Flathead Valley, Montana
406-751-2175 info@flatheadeyh.org
motivating young women in science + mathematics

FAQs

Q?

What should my student bring to the conference?

A.

Students should come dressed for indoor and outdoor events and wear clothing and shoes suitable for physical activities. An empty water bottle that can be filled at fountains is encouraged.

Q?

When will my student learn what workshops she will attend?

A.

Students will receive their workshop assignments when they pick up their registration packet the morning of the conference.

Q?

Is there a fee?

A.

Yes, the conference cost is $15 per student. This includes all materials, conference tote, snacks and lunch. Some schools have grants that pay the fee for students. Check with your student’s school for details.

Q?

What if I cannot afford the registration fee?

A.

Scholarships are available for students who need assistance. You will be able to request a scholarship on the registration form.

Q?

Are refunds possible?

A.

Unfortunately, the registration fee cannot be refunded.

Q?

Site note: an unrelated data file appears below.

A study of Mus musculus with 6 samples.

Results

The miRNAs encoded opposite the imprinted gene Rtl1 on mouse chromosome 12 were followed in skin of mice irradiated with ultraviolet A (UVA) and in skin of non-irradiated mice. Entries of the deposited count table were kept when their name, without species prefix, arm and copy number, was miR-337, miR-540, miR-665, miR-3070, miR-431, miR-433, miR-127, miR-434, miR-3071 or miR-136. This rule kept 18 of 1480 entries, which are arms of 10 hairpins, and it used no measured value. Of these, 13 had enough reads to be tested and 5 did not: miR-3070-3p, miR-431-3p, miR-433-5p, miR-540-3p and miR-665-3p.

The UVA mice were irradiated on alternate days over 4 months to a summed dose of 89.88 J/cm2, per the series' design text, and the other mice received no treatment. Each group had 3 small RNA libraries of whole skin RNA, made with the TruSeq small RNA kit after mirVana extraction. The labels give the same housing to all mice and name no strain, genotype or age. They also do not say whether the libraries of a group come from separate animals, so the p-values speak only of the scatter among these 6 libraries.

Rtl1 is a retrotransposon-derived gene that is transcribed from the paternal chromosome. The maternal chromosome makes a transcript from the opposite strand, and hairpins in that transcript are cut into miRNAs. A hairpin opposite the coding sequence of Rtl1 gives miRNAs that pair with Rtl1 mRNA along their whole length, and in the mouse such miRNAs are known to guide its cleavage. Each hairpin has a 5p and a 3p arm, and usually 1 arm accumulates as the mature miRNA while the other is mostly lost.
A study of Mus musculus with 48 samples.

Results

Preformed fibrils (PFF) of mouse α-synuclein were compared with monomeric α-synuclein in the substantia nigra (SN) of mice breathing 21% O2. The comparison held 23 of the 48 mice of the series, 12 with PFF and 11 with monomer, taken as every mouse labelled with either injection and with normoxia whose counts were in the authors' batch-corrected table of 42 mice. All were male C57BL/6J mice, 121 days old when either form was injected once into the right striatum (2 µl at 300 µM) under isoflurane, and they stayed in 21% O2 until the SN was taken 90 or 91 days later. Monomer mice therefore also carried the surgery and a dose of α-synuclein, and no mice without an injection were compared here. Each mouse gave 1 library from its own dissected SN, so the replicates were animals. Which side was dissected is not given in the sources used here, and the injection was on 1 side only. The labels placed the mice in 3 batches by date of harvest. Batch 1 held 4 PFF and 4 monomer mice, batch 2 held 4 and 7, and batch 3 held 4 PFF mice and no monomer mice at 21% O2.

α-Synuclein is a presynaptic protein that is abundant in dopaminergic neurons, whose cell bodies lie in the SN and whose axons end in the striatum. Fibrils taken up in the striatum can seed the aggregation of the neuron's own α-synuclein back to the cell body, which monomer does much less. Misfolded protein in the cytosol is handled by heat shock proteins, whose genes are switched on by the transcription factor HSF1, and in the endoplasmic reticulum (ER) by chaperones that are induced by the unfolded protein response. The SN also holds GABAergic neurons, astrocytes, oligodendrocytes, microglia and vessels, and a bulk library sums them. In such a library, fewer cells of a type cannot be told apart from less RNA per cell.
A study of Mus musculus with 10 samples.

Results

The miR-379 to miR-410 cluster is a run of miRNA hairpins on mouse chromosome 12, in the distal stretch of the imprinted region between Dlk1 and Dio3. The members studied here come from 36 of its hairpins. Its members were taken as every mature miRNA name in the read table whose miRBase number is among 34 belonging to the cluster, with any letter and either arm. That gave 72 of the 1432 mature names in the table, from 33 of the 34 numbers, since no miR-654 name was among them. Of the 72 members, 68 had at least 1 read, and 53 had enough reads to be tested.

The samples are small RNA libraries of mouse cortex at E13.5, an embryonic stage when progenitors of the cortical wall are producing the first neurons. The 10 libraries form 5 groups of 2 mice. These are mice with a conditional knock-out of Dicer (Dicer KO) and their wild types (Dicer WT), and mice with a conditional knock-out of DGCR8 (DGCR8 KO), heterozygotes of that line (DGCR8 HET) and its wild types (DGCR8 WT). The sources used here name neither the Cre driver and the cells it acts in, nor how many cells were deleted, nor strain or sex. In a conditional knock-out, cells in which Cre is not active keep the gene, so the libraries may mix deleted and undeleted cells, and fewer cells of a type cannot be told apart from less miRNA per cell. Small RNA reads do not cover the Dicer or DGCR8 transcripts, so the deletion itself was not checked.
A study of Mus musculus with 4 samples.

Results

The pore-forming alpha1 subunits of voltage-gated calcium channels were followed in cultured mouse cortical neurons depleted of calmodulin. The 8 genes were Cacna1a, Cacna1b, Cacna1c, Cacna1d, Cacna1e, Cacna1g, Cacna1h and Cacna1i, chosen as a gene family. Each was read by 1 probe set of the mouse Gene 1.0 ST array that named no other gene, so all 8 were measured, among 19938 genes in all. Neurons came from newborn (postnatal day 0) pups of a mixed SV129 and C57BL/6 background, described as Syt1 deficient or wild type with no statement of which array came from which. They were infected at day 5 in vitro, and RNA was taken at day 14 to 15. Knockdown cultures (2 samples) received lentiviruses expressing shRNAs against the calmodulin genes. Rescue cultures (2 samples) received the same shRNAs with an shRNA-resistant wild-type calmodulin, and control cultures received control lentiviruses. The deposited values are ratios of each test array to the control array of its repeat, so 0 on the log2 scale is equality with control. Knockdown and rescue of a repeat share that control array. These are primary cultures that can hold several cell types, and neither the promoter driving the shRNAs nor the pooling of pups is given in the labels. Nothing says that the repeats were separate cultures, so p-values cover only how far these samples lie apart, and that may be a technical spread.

How does my student travel to and from the event?

A.

Check with your student’s school. Some can arrange buses others form parent car pools.

Q?

How does my student register for the conference?

A.

Registration forms will be sent home by the school (ask your daughter about it, sometimes forms wallow in the bottom of their backpacks) If her school is not participating, one can be emailed to you by our committee. Parents/guardians must complete and sign and return the registration to their student’s school with payment as directed by the school, or to the committee if registering individually

Q?

If my student’s school is not attending, can I register her myself?

A.

Yes, use the contact page on the website and the committee chair will guide you through registration. You will be responsible for transportation.

Q?

Why is the event only for girls?

A.

“Girls continue to be underrepresented in critical fields related to math and science. They make up only a third of AP physics students…and only 15 percent of AP computer science classes. At the college level, less than 20 percent of engineering majors are women. The number of women with computer science degrees has dropped 25 percent since 1985.” — U.S. Secretary of Education Margaret Spellings’ delivered remarks to the first National Summit on the Advancement of Girls in Math and Science in Washington, D.C. May 15, 2006.

A study by the American Association of University Women found that the critical years where girls lose interest in math and science are the 7-10th grade. Through fun, hands-on activities; education and career exploration; and peer support and professional mentors, the Flathead EYH conference aims to foster awareness and stimulate girls’ interests in STEM fields.